John Major's Air India report recommends beefing up terrorism investigations and prosecutions
Retired Supreme Court of Canada justice John Major's long-awaited report into the most deadly aviation attack prior to 9/11 is called Air India Flight 182: A Canadian Tragedy.
"I stress that this is a Canadian atrocity," Major said in releasing his report. "For too long the greatest loss of Canadian lives at the hands of terrorists has been somehow relegated outside the Canadian consciousness."
He noted that the bomb that exploded on Air India Flight 182 off the coast of Ireland on June 23, 1985 was manufactured in Canada. It was placed on a Canadian plane in Vancouver bound for Toronto, where it was transferred onto the doomed Air India flight.
A majority of the passengers who were among the 329 people killed were Canadian. A quarter of the victims were under the age of 13. The bomb was timed for after the Canadian school year ended, ensuring a maximum number of kids would be slaughtered.
Despite the overwhelming Canadian nature of the tragedy, the Conservative government sent its condolences to the Indian government, then headed by Rajiv Gandhi, which angered the victims' families.
Major stated that the federal government and its agencies were not prepared for a terrorist act such as the bombing of Air India Flight 182.
"Although the threat of sabotage was well-known by the early 1980s, Canadian agencies still focused on hijacking and operated as if it was the primary threat," he said. "Communications within and between security, law enforcement and transport agencies were often flawed or non-existent."
Major concluded that the RCMP provided "erroneous information" to Bob Rae, who conducted an investigation on behalf of the federal government prior to being elected to Parliament as a Liberal candidate.
"This alone is disturbing, but there were other instances we discovered where government agencies were not always forthcoming with the Commission," Major said.
He cited the examples of Brian Simpson and James Bartleman.
Simpson had claimed that as a summer cleaner employed by Air Canada, he was able to board the Air India plane on June 22, 1985 without being detected.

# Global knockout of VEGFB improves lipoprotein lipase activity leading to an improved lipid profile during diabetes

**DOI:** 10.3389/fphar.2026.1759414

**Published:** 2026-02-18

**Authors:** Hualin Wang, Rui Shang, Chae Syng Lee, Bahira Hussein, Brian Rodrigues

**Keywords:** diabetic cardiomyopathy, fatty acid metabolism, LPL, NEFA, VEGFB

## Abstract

Bartleman, the former head of intelligence with the foreign affairs ministry, told the commission that he received information about a specific threat to Air India just days before the tragedy.
Major concluded that attempts by the government to discredit the testimony of Simpson and Bartleman were "ineffectual".
"During the investigation that followed the boming, and is continuing to this day, CSIS and the RCMP were unable to cooperate effectively, or sometimes at all," Major stated.
He also found that the Communications Security Establishment had "highly classified" information about threats. Even without this and Bartleman's evidence, Major noted that "the amount of information collectively held by the Government made the failure to implement appropriate anti-sabotage measures inexcusable".
His primary recommendation is for the government to enhance the role of the national security advisor in the Privy Council Office. He indicated that this will ensure greater cooperation between intelligence and law-enforcement agencies in addressing terrorism.
In Major's view, the RCMP "is not properly structured to deal with terrorism prosecutions". In response, he called for greater specialization in the investigation of terrorism and in supporting prosecutions relating to national security.
"Perhaps the time has arrived to re-assess the role of the RCMP in providing contractual policing services in many of the provinces," he stated.
This comment is noteworthy because the B.C. government's contract with the RCMP to provide provincial policing services expires in 2012. So far, the B.C. government has given no indication that it is considering dumping the Mounties.
In addition, Major recommended the creation of a new position, the director of terrorism prosecutions. As well, he recommended amendments to the Canada Evidence Act so that a trial court in a terrorism prosecution will deal with confidentiality measures regarding national security, rather than having that passed along to another court.
Major also called for the creation of a new position, a national security witness protection coordinator, to oversee the safety of witnesses in terrorism prosecutions.